Coil power supply | Switching network tested in Russia


Switching network tested in Russia

ITER Russia

Plasma could not be created in the ITER vacuum vessel without switching network units, whose operation creates the voltage that "ionizes*" the cloud of fuel atoms in the vacuum chamber. This key system is under development at the Efremov Institute in Saint Petersburg, Russia, where tests recently concluded on a prototype unit.

These circuit breakers performed to ITER Organization specifications during recent tests at the Efremov Institute in Saint Petersburg. (Click to view larger version...)
These circuit breakers performed to ITER Organization specifications during recent tests at the Efremov Institute in Saint Petersburg.
At the start of a plasma pulse, electrical current will flow into the ITER magnet coils until they are "loaded" to the nominal operation values of each system. To start a current in the plasma, the circuit breakers of the switching network system (present in the circuits of the central solenoid and the top and bottom poloidal field coils, PF1 and PF6) will be opened to divert the current into large resistor banks. This forced passage through the resistors creates a voltage that is transferred to the coils and to the vacuum chamber, initiating gas breakdown* and initial plasma current ramp-up.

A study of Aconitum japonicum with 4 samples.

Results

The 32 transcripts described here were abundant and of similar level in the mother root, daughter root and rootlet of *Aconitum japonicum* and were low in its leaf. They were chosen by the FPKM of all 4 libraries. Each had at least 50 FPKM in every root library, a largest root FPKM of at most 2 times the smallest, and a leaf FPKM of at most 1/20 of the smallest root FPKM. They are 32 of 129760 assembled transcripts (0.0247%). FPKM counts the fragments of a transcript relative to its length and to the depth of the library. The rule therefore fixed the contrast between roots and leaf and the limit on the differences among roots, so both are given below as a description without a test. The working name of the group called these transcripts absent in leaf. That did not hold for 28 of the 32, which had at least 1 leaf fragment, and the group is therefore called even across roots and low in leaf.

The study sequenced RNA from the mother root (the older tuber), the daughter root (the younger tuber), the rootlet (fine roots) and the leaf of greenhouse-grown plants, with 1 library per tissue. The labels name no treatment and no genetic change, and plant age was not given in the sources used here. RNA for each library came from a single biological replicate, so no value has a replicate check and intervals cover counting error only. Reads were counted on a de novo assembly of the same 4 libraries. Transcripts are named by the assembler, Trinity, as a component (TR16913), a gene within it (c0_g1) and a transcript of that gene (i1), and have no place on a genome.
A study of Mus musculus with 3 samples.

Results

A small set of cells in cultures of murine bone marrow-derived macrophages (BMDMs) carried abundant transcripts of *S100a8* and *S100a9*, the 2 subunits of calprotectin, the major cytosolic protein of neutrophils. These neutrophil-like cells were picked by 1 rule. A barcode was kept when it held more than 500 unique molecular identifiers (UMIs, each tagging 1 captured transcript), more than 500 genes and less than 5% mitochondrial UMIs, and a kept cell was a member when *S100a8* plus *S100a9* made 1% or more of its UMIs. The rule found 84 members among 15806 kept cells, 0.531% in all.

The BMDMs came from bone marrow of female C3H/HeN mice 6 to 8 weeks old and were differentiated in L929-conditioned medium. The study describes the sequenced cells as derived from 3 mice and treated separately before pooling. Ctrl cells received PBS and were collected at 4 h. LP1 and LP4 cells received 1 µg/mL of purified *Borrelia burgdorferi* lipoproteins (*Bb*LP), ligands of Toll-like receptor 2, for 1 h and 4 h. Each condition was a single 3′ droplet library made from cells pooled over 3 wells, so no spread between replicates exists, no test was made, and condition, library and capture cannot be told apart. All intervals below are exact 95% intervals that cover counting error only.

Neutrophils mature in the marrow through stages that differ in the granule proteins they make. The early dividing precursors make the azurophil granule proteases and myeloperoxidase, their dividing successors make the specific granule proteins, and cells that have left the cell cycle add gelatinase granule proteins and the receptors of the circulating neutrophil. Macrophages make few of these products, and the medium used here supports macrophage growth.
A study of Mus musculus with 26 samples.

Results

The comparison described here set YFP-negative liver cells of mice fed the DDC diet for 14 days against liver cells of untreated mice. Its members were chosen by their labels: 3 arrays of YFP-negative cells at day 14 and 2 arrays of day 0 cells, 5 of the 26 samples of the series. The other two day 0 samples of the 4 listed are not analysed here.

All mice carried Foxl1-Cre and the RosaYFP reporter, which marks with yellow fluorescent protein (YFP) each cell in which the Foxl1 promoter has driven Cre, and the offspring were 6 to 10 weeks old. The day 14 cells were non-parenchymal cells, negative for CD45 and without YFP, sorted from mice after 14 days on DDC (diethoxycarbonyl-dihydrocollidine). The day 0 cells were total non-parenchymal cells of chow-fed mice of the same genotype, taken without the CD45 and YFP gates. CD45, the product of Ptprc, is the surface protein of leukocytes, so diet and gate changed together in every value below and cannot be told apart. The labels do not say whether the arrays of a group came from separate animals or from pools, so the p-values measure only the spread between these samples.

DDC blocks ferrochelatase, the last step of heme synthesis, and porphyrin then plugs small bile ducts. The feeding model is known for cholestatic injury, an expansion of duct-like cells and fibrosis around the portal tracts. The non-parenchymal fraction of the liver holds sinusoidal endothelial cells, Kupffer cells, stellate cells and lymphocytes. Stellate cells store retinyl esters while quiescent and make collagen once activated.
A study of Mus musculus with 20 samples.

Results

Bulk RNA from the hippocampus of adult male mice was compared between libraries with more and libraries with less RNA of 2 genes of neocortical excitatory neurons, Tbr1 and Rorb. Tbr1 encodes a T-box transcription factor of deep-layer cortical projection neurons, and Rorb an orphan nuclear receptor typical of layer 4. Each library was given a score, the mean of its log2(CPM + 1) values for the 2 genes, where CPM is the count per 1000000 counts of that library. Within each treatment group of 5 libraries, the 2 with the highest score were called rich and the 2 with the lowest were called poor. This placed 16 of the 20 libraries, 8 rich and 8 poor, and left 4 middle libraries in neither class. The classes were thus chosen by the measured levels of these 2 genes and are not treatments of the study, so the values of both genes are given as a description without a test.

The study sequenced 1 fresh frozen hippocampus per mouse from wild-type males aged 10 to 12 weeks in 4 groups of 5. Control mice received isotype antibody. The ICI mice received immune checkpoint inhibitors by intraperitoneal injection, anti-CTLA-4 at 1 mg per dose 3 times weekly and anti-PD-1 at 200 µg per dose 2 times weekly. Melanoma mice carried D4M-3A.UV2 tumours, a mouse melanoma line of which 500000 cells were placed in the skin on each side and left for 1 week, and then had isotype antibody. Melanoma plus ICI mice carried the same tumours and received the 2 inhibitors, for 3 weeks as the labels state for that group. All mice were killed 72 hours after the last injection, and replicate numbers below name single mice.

The highly complex switching network system is made up of mechanical switches designed for continuous current up to 45 kA, thyristor circuit breakers, and a two-stage counterpulse circuit that provides arc-free current transfer from the mechanical device to the resistor.

"The switching networks are a fundamental system for the ITER coil power supplies because of their role in starting the plasma current," explains electromechanical engineer Francesco Milani, who is the ITER technical responsible officer for the switching network, fast discharge unit, DC busbar and instrumentation procurement package. "Without switching networks there could be no current interruption and therefore no voltage for the plasma initiation."

From 2 to 6 April, tests were carried out on a prototype switching network unit at the Efremov Institute of Saint Petersburg, contractor to the Russian Domestic Agency for all of the electrotechnical equipment under its procurement scope. The results obtained during current commutation tests at rated current, most importantly, demonstrated full compliance with the ITER Organization technical requirements.

Milani, who witnessed the tests for the ITER Organization, confirmed that the test program has been completed satisfactorily. "The team at the Efremov Institute has been demonstrating excellent technical expertise for many years, throughout the development and design of this important coil power supply procurement package. These latest results are an important milestone for the Russian Domestic Agency and its procurement activities for ITER."

The fabrication and supply of switching equipment, busbars and energy absorbing resistors for power supply and protection of the superconducting magnetic system of the ITER reactor is the most expensive and one of the most complicated of the 25 systems falling within the scope of Russia's responsibility. According the current schedule, procurement of the system's components must be completed by 2023.

*Gas breakdown = the ionization of the injected fuelling gases, when the voltage applied across the gas separates electrons from atoms creating a "soup" of charged particles called a plasma.